ELECTION OF CATECHUMENS AND THE CALL TO CONTINUING CONVERSION OF CANDIDATES
What a joy it is to join with those seeking the Easter sacraments and those baptized people now seeking full communion with us, and with their godparents and sponsors, in the Cathedral church the first Sunday of Lent for the unique rites of Election and Call to Continuing Conversion. We were able to hold this celebration this year notwithstanding the snow storm the day and night before.
As bishop, I expressed the Church’s desire to know our catechumens and if they are sufficiently prepared to become Catholic Christians. I asked their godparents if they had faithfully listened to God’s words proclaimed by the Church and had responded, beginning to walk in God’s presence. I asked if they had shared the company of their Christian sisters and brothers and joined with them in prayer. I expressed the Church’s desire to know if the candidates are ready to live the demands of full sacramental life in the Church. I asked their sponsors if they had faithfully listened to the apostles’ instruction proclaimed by the Church. I asked if they had come to a deeper appreciation of their baptism and if they had reflected sufficiently on the tradition of the Church and joined their brothers and sisters in prayer. I asked if they had advanced in a life of love and service of others. With the assurance that they have, I invited the catechumens to sign the Book of the Elect and I gave official recognition of the candidates’ desire to be sealed with the gift of the Holy Spirit and have a place at Christ’s Eucharistic table. We welcome all our Elect and Candidates and assure them of our prayers as they continue their journey of faith to a glorious Easter.
Of course, it’s good for us all to recognize that the questions asked of the catechumens and candidates are good ones for each of us to look at too.
Have I faithfully listened to the word of God and responded by walking in God’s presence?
Do I faithfully join my brothers and sisters in prayer?
Do I faithfully listen to the teaching of the apostles expressed by the Magisterium of the Church?
Do I continually seek a deeper conversion and living out of my baptism?
May each of us make progress in our “yes” to these questions during this season of Lent.
The Gospel we heard on the First Sunday of Lent was St. Luke’s account of the devil tempting Jesus. The next Gospel passage we heard on Monday was St. Matthew’s account of the Last Judgment. The judgment does not go well for those to whom the Lord says: “Depart from me, you accursed … for I was hungry … thirsty … a stranger … naked … ill and in prison and you did not care for me.” “What you did not do for one of these least ones, you did not do for me.”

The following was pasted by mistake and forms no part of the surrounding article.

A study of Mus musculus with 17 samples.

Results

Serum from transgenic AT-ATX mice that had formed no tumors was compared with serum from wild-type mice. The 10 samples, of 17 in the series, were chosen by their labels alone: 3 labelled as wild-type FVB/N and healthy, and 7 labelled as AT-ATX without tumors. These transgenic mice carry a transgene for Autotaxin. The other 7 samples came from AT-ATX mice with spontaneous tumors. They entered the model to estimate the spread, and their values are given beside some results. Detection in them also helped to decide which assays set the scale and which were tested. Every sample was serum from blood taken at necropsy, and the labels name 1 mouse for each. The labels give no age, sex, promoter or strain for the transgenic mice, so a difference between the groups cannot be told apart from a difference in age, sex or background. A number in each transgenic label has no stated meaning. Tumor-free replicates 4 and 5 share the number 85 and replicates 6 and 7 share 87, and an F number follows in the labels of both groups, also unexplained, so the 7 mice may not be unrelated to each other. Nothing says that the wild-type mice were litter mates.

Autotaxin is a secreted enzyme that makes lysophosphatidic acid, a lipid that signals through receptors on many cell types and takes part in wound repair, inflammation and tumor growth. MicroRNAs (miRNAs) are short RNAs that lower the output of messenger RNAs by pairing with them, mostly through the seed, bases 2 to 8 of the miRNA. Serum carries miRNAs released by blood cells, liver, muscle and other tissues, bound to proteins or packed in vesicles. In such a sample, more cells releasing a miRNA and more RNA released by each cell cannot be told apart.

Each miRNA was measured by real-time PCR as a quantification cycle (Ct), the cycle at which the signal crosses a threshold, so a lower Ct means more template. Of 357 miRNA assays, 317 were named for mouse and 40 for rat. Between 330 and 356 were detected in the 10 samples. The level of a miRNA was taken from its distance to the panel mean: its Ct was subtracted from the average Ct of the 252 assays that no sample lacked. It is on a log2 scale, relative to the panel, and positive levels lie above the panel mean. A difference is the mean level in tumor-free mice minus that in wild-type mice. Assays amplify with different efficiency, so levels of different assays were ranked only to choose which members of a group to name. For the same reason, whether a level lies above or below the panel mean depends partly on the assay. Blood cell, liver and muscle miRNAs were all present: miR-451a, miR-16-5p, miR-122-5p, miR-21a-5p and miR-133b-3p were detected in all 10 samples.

During these first weeks of Lent, we are asked to spend time in prayer and reflection on the quality of our response to the Gospel message in the concrete circumstances of our lives. We are invited to take a careful look at how we respond today to the imperative Jesus has given us to love our neighbor as ourselves.
In the last edition of OND, you read about Catholics at the Capitol, held February 19. The Diocese of Crookston had good representation at this event and I want to thank all who got up “really early” to travel to St. Paul and join with almost 1,100 of their Catholic brothers and sisters from all corners of Minnesota. It was a day of prayer, education and meetings with state representatives and senators to advocate on issues important to Catholics and all who live in this great state.
The morning’s keynote speaker was Archbishop Charles Chaput of Philadelphia.
“The lesson for us today,” he said, “is simply this: If we don’t at least try to shape our times with the Gospel of Jesus Christ, and to do it with all our hearts and energy, then evil will shape the times, and ultimately shape us and our families – those we love.”
We Catholics at the Capitol that day took the time and made the effort to help care for the poor, the hungry, the naked, and the stranger through advocacy. For example, we talked to legislators about four bills currently being considered that help support children in the womb, expectant mothers and fathers, and families with young children during the first 1,000 days of life.
Currently, as you know, there are millions of undocumented people in the United States. In Minnesota, these men and women are members of our communities and our parishes and they are needed important workers in many businesses. We desperately need our lawmakers in Washington D.C. to pass comprehensive immigration legislation that would allow a workable process for immigrants to obtain papers and that would allow a workable pathway to citizenship. The fact that this legislation is lacking does not excuse us from taking care of our neighbor. As it stands now, in Minnesota the undocumented cannot apply for a driver’s license and not having a driver’s license can be a huge burden when it comes to keeping a job and providing for one’s family. As Archbishop Hebda recently testified at the Capitol: “Allowing undocumented immigrants to apply for drivers’ licenses does not reward lawlessness; rather, it enhances public safety.” “Undocumented immigrants need to be able to drive to work, school, and church; to take care of their families, and to feel secure.”
This Lent we are challenged to resist the temptations we face and to see how we might do better at loving the least among us. One way might be for you to start using the Catholic Advocacy Network (MNCatholic.org) if you aren’t using it already. Maybe start by checking it once a week and making use of one of the emails available there for you to send to your state representative or senator. The King of the final judgment reminds us that: “When you did it for one of the least of these, you did it for me.”